Happy Birthday, Jacob Grimm

Jacob (right) and Wilhelm Grimm (left) in a portrait by Elisabeth Jerichau-Baumann, oil on canvas, 1855. Wikimedia Commons.

On this day in 1785, Jacob Grimm was born in Hanau, Germany. While today Jacob and his brother Wilhelm are best known for the highly successful—and at times widely varying—editions of the Kinder- und Hausmärchen ('Children's and Household Märchen'—usually known  in English as some variation of 'the Grimms's Tales'), a collection of folktale retellings produced by the brothers, their influence was iconic in a variety of fields, ranging from folkloristics to philology and well beyond.

In a sense, modern linguistics began with Rasmus Rask's and Jacob Grimm's outlining of the First Germanic Sound Shift, popularly known today as Grimm's Law. It's primarily due to this discovery that, for example, academic Thomas Shippey refers to Grimm as the 'Darwin of the humanities' in his Shadow-Walkers: Jacob Grimms' Mythology of the Monstrous and in part why, in his Dictionary of Northern Mythology, academic Rudolf Simek divides Germanic studies into a pre-Grimm and post-Grimm era. Jacob and Wilhelm additionally began the the Deutsches Wörterbuch, the first and—easily most comprehensive—dictionary of the German language, comparable to the role the Oxford English Dictionary plays for the English language.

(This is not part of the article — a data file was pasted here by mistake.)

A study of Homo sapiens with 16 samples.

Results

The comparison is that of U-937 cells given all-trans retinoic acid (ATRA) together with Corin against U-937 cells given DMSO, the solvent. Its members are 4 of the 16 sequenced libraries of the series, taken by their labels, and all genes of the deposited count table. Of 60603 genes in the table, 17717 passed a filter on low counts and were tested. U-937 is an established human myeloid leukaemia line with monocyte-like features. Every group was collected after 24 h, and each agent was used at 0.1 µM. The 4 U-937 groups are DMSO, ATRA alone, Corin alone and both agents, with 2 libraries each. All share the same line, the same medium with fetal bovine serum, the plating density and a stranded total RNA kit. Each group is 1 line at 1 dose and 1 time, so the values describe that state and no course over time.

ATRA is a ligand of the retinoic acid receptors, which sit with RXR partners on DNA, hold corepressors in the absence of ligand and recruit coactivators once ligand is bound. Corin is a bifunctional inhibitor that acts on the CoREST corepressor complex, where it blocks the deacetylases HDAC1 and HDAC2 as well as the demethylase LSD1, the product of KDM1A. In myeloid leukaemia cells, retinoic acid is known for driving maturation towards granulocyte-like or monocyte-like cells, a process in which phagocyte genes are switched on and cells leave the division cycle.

Jacob Grimm's influence on ancient Germanic studies extends far beyond dry mining of the arcane mysteries of historical linguistics. Diligently working through a landscape of obscure texts relating to the ancient Germanic peoples far beyond the era of the internet and the many developments that mark today's field, Grimm's multi-volume Deutsche Mythologie (published in English by James Stallybrass with the rather more broad title Teutonic Mythology) remains influential, providing commentary and theory on the topic of Germanic mythology that scholars continue to turn to today, particularly for obscure topics rarely discussed elsewhere.

It's hard to overstate the far-reaching influence of Jacob Grimm. It's nearly impossible to avoid some reference to Kinder- und Hausmärchen on a daily basis, whether by way of Disney's retellings or some other means, and many of us were raised hearing retelling after retelling of the Grimms's own retellings of tales such as Snow White.

Influential folklorist Jack Zipes recently published a translation of the first edition of Kinder- und Hausmärchen on the 200th anniversary of the German publication of these highly influential retellings. I highly recommend Zipes's essay on the topic hosted over at The Public Domain review.